Sat, Jun 08, 2013 - Page 9 News List

‘Canned hunting’: Lions bred for slaughter

Canned hunting is a fast-growing business in South Africa, where thousands of lions are being bred on farms to be shot by wealthy foreign trophy-hunters

By Patrick Barkham  /  The GuardiAN, LONDON

South Africa has a strong hunting tradition, but few people express much enthusiasm for its debased canned form. It is still legal to bring a lion carcass back to Britain (or anywhere in Europe or North America) as a trophy and much of the demand comes from overseas.

Trophy-hunters are attracted by the guarantee of success and the price: a wild lion shot on a safari in Tanzania may cost US$80,000, compared with a GBP8,000 captive-bred specimen in South Africa.

Five years ago, the government effectively banned canned hunting by requiring an animal to roam free for two years before it could be hunted, but lion breeders challenged the policy and a high court judge ruled that such restrictions were “not rational.”

The number of trophy-hunted animals has since soared. In the five years to 2006, 1,830 lion trophies were exported from South Africa; in the five years to 2011, 4,062 were exported, the vast majority captive-bred animals.

Demand from the Far East is also driving profits for lions breeders. In 2001, two lions were exported as “trophies” to China, Laos and Vietnam; in 2011, 70 lion trophies were exported to those nations.

While the trade in tiger parts is now illegal, demand for lion parts for traditional Asian medicine is soaring. In 2009, five lion skeletons were exported from South Africa to Laos; in 2011, it was 496.

The legal export of lion bones and whole carcasses has also soared.

Breeders argue it is better that hunters shoot a captive-bred lion than further endanger the wild populations, but conservationists and animal welfare groups dispute this. Wild populations of lions have declined by 80 percent in 20 years, so the rise of lion farms and canned hunting has not protected wild lions. In fact, said Fiona Miles, director of Lionsrock, a big cat sanctuary in South Africa run by the charity Four Paws, it is fueling it.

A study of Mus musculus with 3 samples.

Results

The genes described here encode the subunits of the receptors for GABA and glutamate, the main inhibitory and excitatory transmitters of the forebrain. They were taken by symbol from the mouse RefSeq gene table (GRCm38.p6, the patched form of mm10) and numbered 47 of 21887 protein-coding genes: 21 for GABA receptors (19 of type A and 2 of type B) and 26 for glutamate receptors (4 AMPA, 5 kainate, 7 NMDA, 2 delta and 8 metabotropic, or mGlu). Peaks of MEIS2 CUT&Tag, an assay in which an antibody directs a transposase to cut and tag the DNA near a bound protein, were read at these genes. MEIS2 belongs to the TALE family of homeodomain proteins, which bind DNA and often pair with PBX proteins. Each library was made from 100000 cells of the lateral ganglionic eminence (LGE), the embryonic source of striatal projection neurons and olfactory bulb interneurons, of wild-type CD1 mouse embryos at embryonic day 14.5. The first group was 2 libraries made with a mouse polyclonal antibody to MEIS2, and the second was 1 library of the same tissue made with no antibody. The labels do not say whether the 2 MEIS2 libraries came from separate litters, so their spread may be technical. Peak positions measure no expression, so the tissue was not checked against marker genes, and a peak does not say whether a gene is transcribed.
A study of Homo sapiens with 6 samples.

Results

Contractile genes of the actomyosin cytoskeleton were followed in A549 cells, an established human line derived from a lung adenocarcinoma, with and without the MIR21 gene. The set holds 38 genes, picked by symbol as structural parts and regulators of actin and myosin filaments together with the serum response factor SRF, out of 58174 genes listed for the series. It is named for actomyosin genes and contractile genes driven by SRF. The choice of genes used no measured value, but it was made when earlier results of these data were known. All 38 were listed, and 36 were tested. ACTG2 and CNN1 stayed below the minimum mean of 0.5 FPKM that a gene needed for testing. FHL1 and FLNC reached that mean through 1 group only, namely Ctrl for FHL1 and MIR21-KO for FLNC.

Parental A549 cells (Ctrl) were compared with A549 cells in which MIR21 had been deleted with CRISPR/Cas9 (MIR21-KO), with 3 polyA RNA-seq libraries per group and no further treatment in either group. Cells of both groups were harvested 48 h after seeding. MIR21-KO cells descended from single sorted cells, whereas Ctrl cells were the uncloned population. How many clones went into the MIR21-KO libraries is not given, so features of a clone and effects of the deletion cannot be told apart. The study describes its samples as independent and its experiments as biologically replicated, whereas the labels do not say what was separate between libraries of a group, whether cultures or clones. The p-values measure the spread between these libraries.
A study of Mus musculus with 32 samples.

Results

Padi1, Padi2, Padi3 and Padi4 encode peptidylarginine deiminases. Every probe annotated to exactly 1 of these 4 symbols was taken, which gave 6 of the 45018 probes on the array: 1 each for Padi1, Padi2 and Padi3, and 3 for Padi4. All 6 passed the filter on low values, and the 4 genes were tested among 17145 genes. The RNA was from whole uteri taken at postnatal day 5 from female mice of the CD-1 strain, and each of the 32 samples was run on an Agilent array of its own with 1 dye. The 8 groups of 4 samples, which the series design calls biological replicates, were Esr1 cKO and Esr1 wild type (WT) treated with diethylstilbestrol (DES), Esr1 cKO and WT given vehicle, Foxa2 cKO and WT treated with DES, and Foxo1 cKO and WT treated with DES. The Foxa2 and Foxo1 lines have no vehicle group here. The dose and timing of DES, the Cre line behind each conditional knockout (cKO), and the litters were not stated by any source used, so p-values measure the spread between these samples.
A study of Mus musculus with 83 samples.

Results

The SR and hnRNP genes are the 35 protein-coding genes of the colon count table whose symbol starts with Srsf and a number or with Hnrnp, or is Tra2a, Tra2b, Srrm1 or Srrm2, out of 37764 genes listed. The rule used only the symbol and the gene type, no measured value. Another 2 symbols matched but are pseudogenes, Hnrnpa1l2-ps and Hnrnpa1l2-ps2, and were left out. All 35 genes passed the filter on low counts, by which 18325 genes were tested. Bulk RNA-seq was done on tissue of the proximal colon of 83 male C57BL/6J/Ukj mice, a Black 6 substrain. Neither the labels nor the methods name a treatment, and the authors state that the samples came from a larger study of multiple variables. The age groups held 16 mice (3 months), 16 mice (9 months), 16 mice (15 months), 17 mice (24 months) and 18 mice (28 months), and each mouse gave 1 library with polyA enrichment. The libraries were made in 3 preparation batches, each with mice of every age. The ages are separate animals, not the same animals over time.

The lion farms’ creation of a market for canned lion hunts puts a price-tag on the head of every wild lion, she said; they create a financial incentive for local people, who collude with poachers. Trophy-hunters who begin with a captive-bred lion may then graduate to the real, wild thing.

“It’s factory-farming of lions and it’s shocking,” Miles said. “The lion all around the world is known as the iconic king of the jungle and yet people have reduced it to a commodity, something that can be traded and used.”

An alternative use for the captive-bred lions might be tourism.

We go for a “lion walk” with Martin Quinn, a conservation educator and lion whisperer. This involves strolling through the veld with three adolescent white lions, which have been bred on Moreson ranch, and trained by Quinn and his assistant, Thompson. These striking white lions bound around us, rush on, and then lie in the grass, ready for an ambush. Armed only with sticks, Quinn and Thompson control them, while warning us that they are still wild animals.

It is an unnerving experience, but Quinn hopes this venture will persuade Moreson ranch that a live lion is worth more than a dead one.

He claims that since he began working with lions at the ranch in January, the owners have not sold on any lions to be hunted. He hopes the ranch will eventually allow the offspring of its captive animals to grow up in the wild.